It’s an irony of life that, in many ways, we end as we begin — dependent, spoonfed pureed foods (is Ensure the geriatric Enfamil?), wearing diapers. If it’s true that at a certain point we our lives begin to Benjamin Button, then maybe it’s true that retirement communities are like high school, replete with the ubiquitous resident mean girls.
In a New York Times Op-ed piece this weekend, Jennifer Weiner writes about the bullying behavior her 99-year-old “Nanna” experienced when she first arrived at her new retirement home. In Mean Girls in the Retirement Home, Ms. Weiner describes that Nanna wasn’t allowed to sit at certain dining tables. Nanna wasn’t invited to play bridge. It sounded to Ms. Weiner (and to me) like classic school bullying.
I thought, is senior bullying really a thing? It is.
With more elderly entering senior care centers, retirement communities, assisted living facilities, and nursing homes, the instances of senior bullying is on the rise. It’s estimated that 10-20% of seniors in these types of communities find themselves objects of bullying by the members of the “controlling group.” Sometimes, residents with dementia will act in a bullying manor out of frustration, anger, and confusion.
Senior-to-senior aggression can be overt or passive-aggressive. Studies show that, much like the bullying found in high school, men tend to be openly abusive, challenging other residents both verbally and physically. Women tend to take part in stereotypical behavior, spreading rumors and ostracizing victims.
Why do seniors engage in bullying? The same reason kids bully. A bully, no matter what age, seeks to control and dominate. Perhaps because they lack power in their own situation, they seek to make themselves feel stronger by making others feel weak and fearful. They also have a lack of empathy.
How do you know if a senior is experiencing bullying? Here are some telltale signs:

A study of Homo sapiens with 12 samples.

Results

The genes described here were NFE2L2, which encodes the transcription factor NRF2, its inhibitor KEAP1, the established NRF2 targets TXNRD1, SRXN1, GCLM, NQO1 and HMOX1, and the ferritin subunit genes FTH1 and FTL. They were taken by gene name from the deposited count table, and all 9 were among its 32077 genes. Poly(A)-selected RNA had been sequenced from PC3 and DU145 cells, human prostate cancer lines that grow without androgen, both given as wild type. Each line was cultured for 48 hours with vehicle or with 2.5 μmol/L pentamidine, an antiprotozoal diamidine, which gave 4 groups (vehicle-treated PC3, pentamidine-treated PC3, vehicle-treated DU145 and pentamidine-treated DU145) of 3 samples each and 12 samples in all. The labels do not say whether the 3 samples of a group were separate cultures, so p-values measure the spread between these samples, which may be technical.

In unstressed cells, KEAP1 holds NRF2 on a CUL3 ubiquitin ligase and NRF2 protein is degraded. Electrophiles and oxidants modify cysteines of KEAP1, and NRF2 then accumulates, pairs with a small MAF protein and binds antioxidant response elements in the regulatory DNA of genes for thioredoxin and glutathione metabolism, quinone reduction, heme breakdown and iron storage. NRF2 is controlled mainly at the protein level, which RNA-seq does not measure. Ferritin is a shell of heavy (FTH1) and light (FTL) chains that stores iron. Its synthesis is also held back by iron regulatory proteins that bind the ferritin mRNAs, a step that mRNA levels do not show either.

- Avoidance of certain communal areas
- Taking circuitous, out-of-the-way routes to get to and from areas
- Complaints that they are not liked and are not included in activities
Bullying is a form of elder abuse and should not be tolerated. In these instances, a third-party has to get involved. Alert the staff or on-site social worker if you suspect bullying. If they don’t intervene, contact your state’s long-term care ombudsman to report the abuse. Everyone deserves to live their life with respect in a caring community.
Have you ever experienced senior bullying? What did you do about it? Tell us in the comments.
Maggie Smith, our favorite dowager countess on PBS’ Downton Abbey, is on the big screen this month in Quartet, a film set in a home for retired performers, musicians, and especially opera singers.
Dustin Hoffman’s directorial debut is the movie version of a British play of the same name that follows the residents of Beecham House as they prepare for their annual gala concert to celebrate Verdi’s birthday. Ms. Smith plays a diva (what else?) with a caustic tongue and oversized ego, whose arrival at the home reunites her with her former colleagues.
Retirement home movies, if not trending, are proving to be very fashionable at present. Quartet comes on the heels of the wildly popular The Best Exotic Marigold Hotel, an ensemble piece starring the aforementioned Dame Maggie Smith, along with Dame Judi Dench and Bill Nighy. That movie took place in an Indian retirement home and followed its residents and their (misguided) hopes and visions of an exciting and luxurious future. And while not finding quite what they expected, they find joy with each other in their less-than five-star accommodations.
Elderly actors in film are nothing new. Christopher Plummer is the oldest Academy Award recipient who, at 82, won a Best Supporting Actor award for his role in the 2010 film Beginners. What is a relatively new phenomenon is the advent of the elderly ensemble cast, where most, if not all, major characters are seniors — seniors who lead a rich and valuable lives. These ensemble pieces are very attractive to a movie-going population who is getting older as well. The movement is being called the “greying of the silver screen” and turn Hollywood’s obsession with youth on its head.
According to Nielsen’s National Research Group, the proportion of oldest moviegoers (65-74) has been steadily growing over the last few years. Great actors are no longer fading into retirement and are bringing their audience into the theaters with them.
Dustin Hoffman, himself now 75, discussed choosing the material, exploring aging and life’s “third act” in the February/March Issue of AARP The Magazine.
“During filming I was saying to everybody in the cast, ‘We’re all in the same act together.’ I always think it’s a three-act play and we’re in the second act—the third act being something that alters you, some infirmity or whatever. And somebody responded, ‘Maybe it’s a Shakespearean play with five acts.’ I liked that. Maybe I’ve got three more acts.”